Should I be concerned?
Over the past 2 weeks, I noticed an increased frequecy of awareness of my heart beating very strongly every few beats (not consecutive beats). I've also noticed that when my heart does that, I miss a pulse when I check my pulse. It comes in spells when at rest, lasting a few minutes to 1-2 hours. No problems during running. Did a long run on sunday with no occurence of this phenomenon.
I used to get this sensation when I was running a year ago, but the heart would beat heavilyu just the once, then that's that. Not as recurrent as now. I've not changed my diet, not taken any meds, no change in coffee intake. I'm not in pain or dizzy during those 'attacks', just a strange sensation when my heart beats heavily.
If this is a known occurence in runners or most people, I don't really want to go and see my GP. Just wondered if anyone had similar experiences.
Go see your GP.
I think the only way forward is to see your GP.......
I wouldn't panic, because the chances are good that there are no serious issues. But there could be. So you must take the above advice.
And when you're at the doctor's... be honest. If you're the sort who likes to avoid the gp, then there's a danger you'll downplay the symptoms!
Get it sorted, then you're sorted.
What you're feeling seems likely to be an ectopic heart-beat - http://www.nlm.nih.gov/medlineplus/ency/article/001100.htm
Coincidentally I have also had a few spells of these recently; some over a period last year and some more recently. They are exactly as you described.
Both seem to have come on at a point where I have increased my fitness.
Though I'm not too worried about these I'd rather be safe than sorry - so I'm booked in to see my GP next week.
I'd recommend that you do the same.
I have a friend who collapsed but thankfully recovered from an undiagnosed congenital heart condition (Long-QT syndrome). She was very lucky. It was after seeing her this weekend that I thought It would be sensible to just go and get it checked out.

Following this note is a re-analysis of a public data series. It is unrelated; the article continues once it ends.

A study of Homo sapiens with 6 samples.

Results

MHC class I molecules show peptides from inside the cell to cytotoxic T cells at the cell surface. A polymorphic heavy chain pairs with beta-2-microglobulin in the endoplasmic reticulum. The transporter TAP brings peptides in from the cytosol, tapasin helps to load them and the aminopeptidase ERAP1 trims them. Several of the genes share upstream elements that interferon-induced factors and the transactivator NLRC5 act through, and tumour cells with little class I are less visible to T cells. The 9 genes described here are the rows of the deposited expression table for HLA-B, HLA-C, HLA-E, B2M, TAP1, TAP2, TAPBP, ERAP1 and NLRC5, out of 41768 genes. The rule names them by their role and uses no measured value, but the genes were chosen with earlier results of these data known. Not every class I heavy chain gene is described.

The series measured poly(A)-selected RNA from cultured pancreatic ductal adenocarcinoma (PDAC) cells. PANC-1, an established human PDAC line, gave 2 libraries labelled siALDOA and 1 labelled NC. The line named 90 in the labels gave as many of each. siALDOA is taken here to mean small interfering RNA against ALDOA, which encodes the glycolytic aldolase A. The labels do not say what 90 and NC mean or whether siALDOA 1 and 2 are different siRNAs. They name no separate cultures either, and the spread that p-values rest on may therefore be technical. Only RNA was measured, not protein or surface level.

All it takes is an ECG to identify issues or give the all clear.
I'm hoping I get to have a 24-hour ECG - it's always fun to have data on how fit (or un-fit) you are! Wonder if they could test my VO2 max at the same time?
Hope everything is OK when you get it all checked out.
It's certainly not a by product of running. It could be any number of things and you should see a GP because it is not right.
I had a full set of tests done after a heart problem on a HM a couple of years and it really puts you at ease when you know more
Thanks all! I'm going to get it sorted!
Ignore the chap above and get to the GP! I've had a similar thing recently- except I get tingling in my fingers?
I have an ectopic heart beat and my doctor says I am fine to run with it.
I suppose it all depends on your own circumstances and best to get a GP to check it out ; might be for various different reasons all with different outcomes.
I know I felt much better for seeing my doctor and it stopped me worrying about it.
Just an update: I'm still alive!
Had an ECG, and OK, there were ectopics captured on it, but otherwise a normal ECG. Also had blood test to check for electrolyte imbalance, and all OK.
Seem to be getting it about every 2 days, but not when I'm running, and not related to activity. I feel fine otherwise, so I'm just going to keep an eye on it.
I suffer from this occasionally and it freaked me out at first.
I had an ECG and a 12 point exercise stress test and all was normal. The guidance from the cardiologist was "it happens to some people, some don't even notice it. There's nothing underlying that's wrong that we can see. Keep running, try not to get stressed and your heart most likely won't be the first thing to go on you".
If you are not getting any pain or dizziness etc. then I'd relax and accept it for what it is.
I am a long-term runner over 24 years running. Last year I developed symptoms unlike yours, but I decided to go to the GP. Four months later in January 2013 I had a Pacemaker fitted, my problems are now solved and I am back running. I urge you get checked by your GP and to be open and honest about your symptoms.